Big East Football: A Big Folly?

The Big East Football Conference is in the midst of experiencing its biggest changes since its founding in 1991. Gone are perennial powers Miami, Virginia Tech, and Boston College as well as league doormat, Temple. New to the conference are Louisville, Cincinnati, and South Florida. Some are calling the changes one big folly; while others believe that the conference will shake off its losses and move forward stronger and wiser.

Three letters have hurt the Big East Conference over the past few years. They are: A-C-C. ACC, as in Atlantic Coast Conference, who lured and then persuaded three Big East schools to make the leap over to the ACC. For the Big East, the three schools represented the league’s top football powers as well as two high performing Men’s Basketball squads: Boston College and Miami. In this age of lucrative television contracts and super conferences the three defecting schools took the money and ran.

Purists were left howling by the departures and at the ACC’s trolling of the Big East Conference. Some suggested lawsuits, while others stated that there was no legal obligation for the schools to stay.

Once it was confirmed that the three departing schools would leave, the Big East Conference was faced with a dilemma that could only undermine its ability to not only thrive, but to survive. It had previously been decided that Temple would be forced out as their program did not measure up to Big East Conference standards, or so it has been said. Still, Temple was not invited back and the Big East began to look elsewhere for schools to fill their depleted ranks. So, the Big East turned to the Conference USA.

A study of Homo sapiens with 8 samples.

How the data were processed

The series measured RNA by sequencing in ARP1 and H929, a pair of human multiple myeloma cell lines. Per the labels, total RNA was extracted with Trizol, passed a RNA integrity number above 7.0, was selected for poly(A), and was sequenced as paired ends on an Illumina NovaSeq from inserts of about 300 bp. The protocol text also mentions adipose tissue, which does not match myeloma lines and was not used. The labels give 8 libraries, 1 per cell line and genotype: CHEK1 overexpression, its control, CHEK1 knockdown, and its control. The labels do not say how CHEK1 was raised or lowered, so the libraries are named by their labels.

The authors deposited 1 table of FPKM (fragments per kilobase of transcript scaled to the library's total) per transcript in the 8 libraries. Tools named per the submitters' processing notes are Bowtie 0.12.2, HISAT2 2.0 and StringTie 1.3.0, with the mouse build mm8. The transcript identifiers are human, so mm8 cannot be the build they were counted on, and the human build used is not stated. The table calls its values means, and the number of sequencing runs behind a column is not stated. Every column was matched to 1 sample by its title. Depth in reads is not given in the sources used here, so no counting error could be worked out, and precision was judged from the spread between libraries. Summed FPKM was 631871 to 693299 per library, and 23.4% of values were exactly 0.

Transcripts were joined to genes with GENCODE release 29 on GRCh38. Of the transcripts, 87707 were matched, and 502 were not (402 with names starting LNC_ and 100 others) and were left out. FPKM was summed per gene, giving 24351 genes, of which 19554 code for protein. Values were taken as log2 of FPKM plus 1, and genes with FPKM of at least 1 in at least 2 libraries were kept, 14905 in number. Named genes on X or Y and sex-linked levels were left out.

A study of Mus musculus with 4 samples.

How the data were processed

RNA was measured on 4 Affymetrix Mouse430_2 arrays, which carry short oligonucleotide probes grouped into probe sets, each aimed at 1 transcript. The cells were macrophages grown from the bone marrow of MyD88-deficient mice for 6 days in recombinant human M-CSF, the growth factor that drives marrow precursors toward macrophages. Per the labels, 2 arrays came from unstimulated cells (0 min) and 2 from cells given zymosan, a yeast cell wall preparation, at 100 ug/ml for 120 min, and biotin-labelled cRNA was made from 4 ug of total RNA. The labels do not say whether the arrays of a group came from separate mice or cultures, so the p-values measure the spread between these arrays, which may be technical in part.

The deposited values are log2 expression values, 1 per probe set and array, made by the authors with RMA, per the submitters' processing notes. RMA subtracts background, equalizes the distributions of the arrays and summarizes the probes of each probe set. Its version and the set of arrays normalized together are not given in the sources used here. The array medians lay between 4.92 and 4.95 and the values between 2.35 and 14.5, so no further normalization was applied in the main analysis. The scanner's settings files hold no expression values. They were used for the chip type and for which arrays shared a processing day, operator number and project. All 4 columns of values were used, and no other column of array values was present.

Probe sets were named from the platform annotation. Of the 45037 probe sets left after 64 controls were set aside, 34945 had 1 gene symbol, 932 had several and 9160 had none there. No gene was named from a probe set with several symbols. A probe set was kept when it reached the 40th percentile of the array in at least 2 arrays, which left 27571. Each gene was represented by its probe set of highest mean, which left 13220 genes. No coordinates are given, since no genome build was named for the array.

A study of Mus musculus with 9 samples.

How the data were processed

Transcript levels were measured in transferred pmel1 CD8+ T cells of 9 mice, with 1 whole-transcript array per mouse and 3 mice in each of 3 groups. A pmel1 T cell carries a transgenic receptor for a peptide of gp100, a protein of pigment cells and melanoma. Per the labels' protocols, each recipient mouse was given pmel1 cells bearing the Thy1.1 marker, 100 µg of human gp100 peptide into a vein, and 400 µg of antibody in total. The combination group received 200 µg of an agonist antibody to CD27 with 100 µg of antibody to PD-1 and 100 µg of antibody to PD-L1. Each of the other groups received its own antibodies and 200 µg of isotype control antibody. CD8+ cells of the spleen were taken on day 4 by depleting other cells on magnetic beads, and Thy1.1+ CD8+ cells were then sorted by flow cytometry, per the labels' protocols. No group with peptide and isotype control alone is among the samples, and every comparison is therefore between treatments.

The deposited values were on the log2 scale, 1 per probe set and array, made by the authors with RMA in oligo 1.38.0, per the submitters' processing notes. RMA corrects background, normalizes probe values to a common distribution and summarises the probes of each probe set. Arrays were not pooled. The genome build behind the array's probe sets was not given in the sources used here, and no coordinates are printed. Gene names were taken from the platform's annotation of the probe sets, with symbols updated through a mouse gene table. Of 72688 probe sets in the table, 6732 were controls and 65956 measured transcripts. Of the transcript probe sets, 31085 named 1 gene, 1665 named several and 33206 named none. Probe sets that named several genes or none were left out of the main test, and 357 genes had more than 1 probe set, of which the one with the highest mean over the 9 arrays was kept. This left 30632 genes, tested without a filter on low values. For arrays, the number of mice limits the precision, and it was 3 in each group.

Louisville, Cincinnati, and South Florida – along with Marquette who doesn’t play football – were all persuaded to leave Conference USA for the Big East. For some, this is where the folly begins.

Do the three new schools measure up to the programs which they are replacing? Absolutely not. Louisville comes closest and is likely nearly equal to Boston College in strength, but their football program does not compare to either Virginia Tech or Miami. Cincinnati compares much more favorably to the departed Temple team, while South Florida is a new Division 1-A program and was only added to replace Miami as the league’s warm weather school. Just kidding…I think.

The remaining conference schools are Connecticut, Pittsburgh, Rutgers, Syracuse, and West Virginia. West Virginia is the current conference leader while Rutgers is taking advantage of a weakened conference and also sitting near the top. The remaining schools are rebuilding, making the Big East Conference extra weak this year.

The pundits and prognosticators know that the Big East is reeling and they understand that there is no guarantee that the present league configuration will produce football programs on the level of the dearly departed members. In my opinion, give the conference two or three years and you may find that with just a couple of years of excellent recruiting new leaders will emerge. Perhaps now is the time for Rutgers, Louisville, and South Florida to step it up a notch or two, thereby ensuring valuable television rights and lucrative bowl bids for the conference.